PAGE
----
Dave Hrbacek, St. Paul, Minnesota, says: “I’m a new subscriber and just read Doug Stange’s “Inside Angles” in the October-November 2003 issue. I have questions about swimbaits: (1) What type of retrieve is best? (2) The Berkley Power Bait Swim Shad is a saltwater bait. Is it OK for use in freshwater? (3) What size swimbait is best? (4) Do swimbaits work best on heavily fished lakes, or do they work as well on less-pressured waters?
Doug Stange: The swimbaits work well for bass in some instances. They’re particularly good fished on a 1/2-ounce jighead when you’re searching new territory, because they can be cast far and retrieved quickly. Cast one out, let it sink to the bottom, or to the intended depth, then retrieve it, using a combination of lift-fall and straight retrieve. Sometimes, in other words, you let it fall to the bottom, then move it along again for 10 feet or so before letting it fall again. And so on. Other times, move it along steadily until you contact weeds, snap your rod tip to break free, then move it along again. Bass eat it on the fall, or as you make a steady retrieve. As you become more proficient with the baits, add further swimming motion to the jig by flexing your wrists to nod the rod tip as you swim the jig along. Bass like it, pike love it, walleyes eat it, and occasionally I get a muskie to bite.
I fished a new lake last year that had a big sunken island in it. I positioned the boat at about 20 feet, off the drop-off, and made long casts with the swimbaits, along the edge of the drop off, and up onto the shallow part of the edge, bringing the jig back to me. Having consulted a lake map before beginning, I knew the general layout of the island. In 30 minutes I had probed all the way around the big island, finding two distinct points that each had a lot of weedgrowth on them. Along the way, I caught four or five bass and a half-dozen pike.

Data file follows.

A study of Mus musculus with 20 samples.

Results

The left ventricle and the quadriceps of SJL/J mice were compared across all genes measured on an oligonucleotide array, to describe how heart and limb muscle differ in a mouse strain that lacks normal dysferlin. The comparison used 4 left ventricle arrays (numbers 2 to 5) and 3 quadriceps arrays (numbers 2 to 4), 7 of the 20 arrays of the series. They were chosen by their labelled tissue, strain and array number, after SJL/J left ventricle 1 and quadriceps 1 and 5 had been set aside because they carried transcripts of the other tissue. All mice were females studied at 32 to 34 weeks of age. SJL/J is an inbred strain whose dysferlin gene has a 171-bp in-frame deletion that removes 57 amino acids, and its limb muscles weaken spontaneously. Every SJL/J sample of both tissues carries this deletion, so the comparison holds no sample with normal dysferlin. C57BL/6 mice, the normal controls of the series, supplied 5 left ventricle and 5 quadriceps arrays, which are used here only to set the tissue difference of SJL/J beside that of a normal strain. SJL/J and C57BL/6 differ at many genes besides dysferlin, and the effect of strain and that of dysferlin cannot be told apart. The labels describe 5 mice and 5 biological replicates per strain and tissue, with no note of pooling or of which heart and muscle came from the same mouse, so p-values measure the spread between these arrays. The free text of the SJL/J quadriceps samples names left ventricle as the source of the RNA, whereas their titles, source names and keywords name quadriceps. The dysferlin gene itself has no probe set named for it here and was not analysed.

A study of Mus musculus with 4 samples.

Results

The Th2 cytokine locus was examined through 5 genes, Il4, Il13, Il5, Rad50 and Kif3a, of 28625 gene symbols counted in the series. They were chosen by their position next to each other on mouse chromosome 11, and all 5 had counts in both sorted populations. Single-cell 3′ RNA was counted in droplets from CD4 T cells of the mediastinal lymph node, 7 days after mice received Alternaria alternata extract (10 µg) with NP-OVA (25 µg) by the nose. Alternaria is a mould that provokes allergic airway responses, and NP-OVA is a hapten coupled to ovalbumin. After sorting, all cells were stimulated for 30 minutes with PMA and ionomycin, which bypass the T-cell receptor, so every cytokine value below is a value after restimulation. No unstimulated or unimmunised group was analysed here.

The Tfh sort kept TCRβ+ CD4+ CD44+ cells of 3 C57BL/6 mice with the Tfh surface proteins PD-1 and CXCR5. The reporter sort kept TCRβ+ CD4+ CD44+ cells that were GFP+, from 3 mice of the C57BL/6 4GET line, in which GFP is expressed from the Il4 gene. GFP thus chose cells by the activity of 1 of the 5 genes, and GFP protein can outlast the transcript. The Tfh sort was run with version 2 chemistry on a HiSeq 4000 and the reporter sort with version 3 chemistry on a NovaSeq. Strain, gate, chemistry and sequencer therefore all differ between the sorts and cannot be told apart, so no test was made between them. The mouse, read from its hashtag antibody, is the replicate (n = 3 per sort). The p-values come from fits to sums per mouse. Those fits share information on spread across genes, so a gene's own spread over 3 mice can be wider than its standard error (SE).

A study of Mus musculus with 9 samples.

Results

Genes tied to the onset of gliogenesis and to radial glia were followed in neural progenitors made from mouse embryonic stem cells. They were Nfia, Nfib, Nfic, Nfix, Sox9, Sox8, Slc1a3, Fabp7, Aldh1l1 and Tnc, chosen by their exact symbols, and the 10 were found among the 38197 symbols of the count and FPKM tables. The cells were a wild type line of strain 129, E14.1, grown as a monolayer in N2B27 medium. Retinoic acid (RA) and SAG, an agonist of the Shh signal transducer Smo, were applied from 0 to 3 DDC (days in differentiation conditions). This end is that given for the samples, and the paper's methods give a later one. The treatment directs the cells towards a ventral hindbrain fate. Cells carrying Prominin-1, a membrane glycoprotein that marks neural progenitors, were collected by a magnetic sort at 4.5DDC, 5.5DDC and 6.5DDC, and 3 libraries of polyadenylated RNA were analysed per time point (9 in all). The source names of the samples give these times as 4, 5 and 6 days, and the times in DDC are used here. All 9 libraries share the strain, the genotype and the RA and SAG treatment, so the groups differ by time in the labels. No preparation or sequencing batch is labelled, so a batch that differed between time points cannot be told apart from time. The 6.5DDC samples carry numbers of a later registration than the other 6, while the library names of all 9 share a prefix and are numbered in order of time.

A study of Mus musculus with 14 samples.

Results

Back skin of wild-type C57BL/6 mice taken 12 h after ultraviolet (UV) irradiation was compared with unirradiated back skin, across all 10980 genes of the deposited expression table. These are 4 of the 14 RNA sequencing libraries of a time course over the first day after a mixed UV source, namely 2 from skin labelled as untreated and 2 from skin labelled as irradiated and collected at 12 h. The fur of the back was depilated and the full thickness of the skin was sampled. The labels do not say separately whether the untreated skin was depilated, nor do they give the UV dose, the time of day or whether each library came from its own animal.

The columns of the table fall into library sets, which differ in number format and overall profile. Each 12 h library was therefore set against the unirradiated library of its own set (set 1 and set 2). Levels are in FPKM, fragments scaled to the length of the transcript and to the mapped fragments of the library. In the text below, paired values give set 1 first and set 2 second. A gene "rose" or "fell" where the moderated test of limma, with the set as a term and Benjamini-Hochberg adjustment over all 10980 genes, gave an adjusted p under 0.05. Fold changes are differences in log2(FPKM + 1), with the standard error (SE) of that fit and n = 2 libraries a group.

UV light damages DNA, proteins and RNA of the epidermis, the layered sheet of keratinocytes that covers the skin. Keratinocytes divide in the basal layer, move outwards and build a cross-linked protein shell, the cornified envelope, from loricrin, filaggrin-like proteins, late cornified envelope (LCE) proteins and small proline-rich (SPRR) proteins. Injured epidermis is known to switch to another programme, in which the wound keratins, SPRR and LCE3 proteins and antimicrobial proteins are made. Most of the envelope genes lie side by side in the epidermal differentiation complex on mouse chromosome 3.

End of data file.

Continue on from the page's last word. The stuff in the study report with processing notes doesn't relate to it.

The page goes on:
The next pass I picked up a Texas-rigged plastic worm and just fished the two points with the heavy weedgrowth. I was able to catch another bass from each of the points, probing with a lure combo that allowed me to fish slower and get deeper into the weeds.
Some of my best bass catches have been during early summer, but the bait works all season long. The designation “saltwater,” by the way, is mostly about marketing, not where the bait can necessarily be used. A variety of swimbaits are available, from the multispecies smaller (4- and 5-inch) kinds I’m talking about, to the huge baits used in the South and West for giant bass. You’ll note in our February 2004 issue an article on using the larger baits.